This might be one of the reasons. However, there are mathematical reasons that made people use it: The decimal system is much more practical than the hexagesimal system the Babylonians used or the duodecimal one. At least for human beings - computers are much more comfortable with either the binary system or the ...dunno... 0-to-F system (FF being 255 in "real numbers" ;-)
We can add, multiply... numbers in a most elegant and easy way using the decimal system, much easier than in any other system. Try and calculate 7% of 20 Euros or Dollars using the decimal system and then do the same using the decimal system or the binary system :-)
However, considering the poor performance of way too many young people when it comes to most basic calculations as the one mentioned above none of the system seems to be working. How come? :confused:



I think Carsten's got a point myself, Faldo - after all, the ease of moving the decimal point outweighs all the rote learning I did as a kid learning the old British duodecimal currency system, may it rest forever in a pit of half-congealed school custard.


edit: sp

Last edited by maverick; 03/13/06 04:10 PM.

Here's a link to a Dozenal Society:
reminds me of Save the Apostrophe

Also--is our duodenal system so called due to some relationhip to the number 12?


¼ penny = farthing (obsolete from waybackwhen)
½ penny = “ha’pence” or “ha’penny”
1 penny = 1d
2 pennies = “tuppence” or “tuppeny piece”
3 pennies = “thre’penny bit” or “thre’pence”
6 pennies = “sixpence” or “tanner”
12 pence = 1 shilling (1/-) ~ also known as “a bob”
24 pence = 2 shillings (2/-) ~ in single coin, known as “two-bob”
30 pence = 2 Shillings 6 pence (2/6) ~ also known as “two-and-six” or “half a crown”
60 pence = 5 shillings = crown (rarely in circulation)
120 pence = 10 shillings (10/-) ~ also known as “ten-bob note”
240 pence = 20 shillings (20/-)* = 1 pound (£1/-/-)* ~ also know as “a quid”
252 pence = 21 shillings = 1 guinea (ancient terminology beloved of lawyers)

*I can’t actually remember this notation accurately.

Can you see why it was so indigestible? And speaking of which:

Duodenum
[med.L. (so called from its length, = duodénum digitorum space of twelve digits, inches, or finger's breadths), f. duodéni twelve each (see duodene). Used in Fr. in 1514 (Hatz.-Darm.).]


© OED v2

Last edited by maverick; 03/13/06 04:42 PM.

Consider a nonal system:

1
2
3
4
5
6
7
8
10.

If you move the nonal point one over to the left, you get 100. But that is actually nine nines, or 81 decimal. In nonal, it's 100 (and you can call it a hundred if you want to, since that's just a name for a number that's your base plus one. One of nice things about a nonal system is you can take a square root of the base and have an even number: 3 x 3 = 10 (nine decimal).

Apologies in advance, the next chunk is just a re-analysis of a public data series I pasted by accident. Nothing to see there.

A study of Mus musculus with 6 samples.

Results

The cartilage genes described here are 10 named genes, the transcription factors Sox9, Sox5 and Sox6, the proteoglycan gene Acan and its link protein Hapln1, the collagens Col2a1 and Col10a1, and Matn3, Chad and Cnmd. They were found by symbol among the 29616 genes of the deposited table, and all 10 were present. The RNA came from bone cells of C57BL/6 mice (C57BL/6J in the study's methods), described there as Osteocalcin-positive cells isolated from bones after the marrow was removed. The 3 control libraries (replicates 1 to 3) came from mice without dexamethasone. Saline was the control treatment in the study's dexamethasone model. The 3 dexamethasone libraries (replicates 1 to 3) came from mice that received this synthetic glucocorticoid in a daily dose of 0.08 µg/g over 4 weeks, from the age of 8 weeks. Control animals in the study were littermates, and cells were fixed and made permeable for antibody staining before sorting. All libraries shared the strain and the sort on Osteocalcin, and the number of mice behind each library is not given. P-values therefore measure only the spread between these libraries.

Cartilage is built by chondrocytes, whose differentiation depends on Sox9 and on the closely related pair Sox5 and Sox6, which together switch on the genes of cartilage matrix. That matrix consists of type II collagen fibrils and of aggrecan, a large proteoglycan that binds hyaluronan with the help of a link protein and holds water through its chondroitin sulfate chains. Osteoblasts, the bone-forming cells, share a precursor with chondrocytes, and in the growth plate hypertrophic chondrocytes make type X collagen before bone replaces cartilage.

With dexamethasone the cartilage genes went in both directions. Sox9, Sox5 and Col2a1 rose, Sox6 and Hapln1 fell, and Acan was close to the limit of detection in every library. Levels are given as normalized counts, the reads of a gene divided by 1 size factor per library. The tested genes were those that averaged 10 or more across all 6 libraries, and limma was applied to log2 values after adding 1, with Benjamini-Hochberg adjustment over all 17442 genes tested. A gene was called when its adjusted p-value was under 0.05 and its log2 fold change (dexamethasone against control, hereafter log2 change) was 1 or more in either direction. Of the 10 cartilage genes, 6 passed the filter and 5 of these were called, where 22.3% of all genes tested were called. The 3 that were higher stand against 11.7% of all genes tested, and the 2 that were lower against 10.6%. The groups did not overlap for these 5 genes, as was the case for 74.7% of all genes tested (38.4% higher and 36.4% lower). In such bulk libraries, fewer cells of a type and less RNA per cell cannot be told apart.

It really is just that the decimal system is what you are used to. And you can use any base you want to. If it's higher than 10 you just have to come up with new symbols (or recycle familiar ones) to represent the numbers from 1 to your new 10. Don't think of your 10 as ten in decimal, (you can call it that if you want to); you have to train yourself to think of it in terms of your base.

For example, if you use base 16, the convention is to use 1 through 9, then A, B, C, D, E, and F to represent what we think of as 10 through 15 in base ten. 10 is not ten, it's F plus 1. And 100 is 10 times 10, but if you convert it it comes out to 256 in our decimal system. Makes for compactness when dealing with large numbers, and works really well on the computer.

The one I'd like to see is a trinary system for computers. Binary of course is 1s and 0s. Ons and Offs. But in a trinary system, you would have plus charge, minus charge, and neutral, at least the way I put it together in my mind. In fact, though I've thought of it before, this may well be the first time I've actually told anyone about it. It just seems to me that you can make computations a LOT faster than you can in binary, since information would flow 50 percent faster. Though not being a computer whiz I'll admit that's speculation on my part.

It would be 1, 2, 10, 11, 12, 20, etc. 10 would be our decimal 3, 20 our decimal 6, and 100 our decimal 9.





Also--is our duodenal system so called due to some relationship to the number 12?




Did we not read our A.W.A.D. today??


a less confusing way to say that is that the square root of the base (10) is a whole number (3), 3 being odd. : )


yeahright. So what's 17 and a half percent of 15 guineas 18 shillings and sevenpence three-farthings?

Last edited by maverick; 03/13/06 05:21 PM.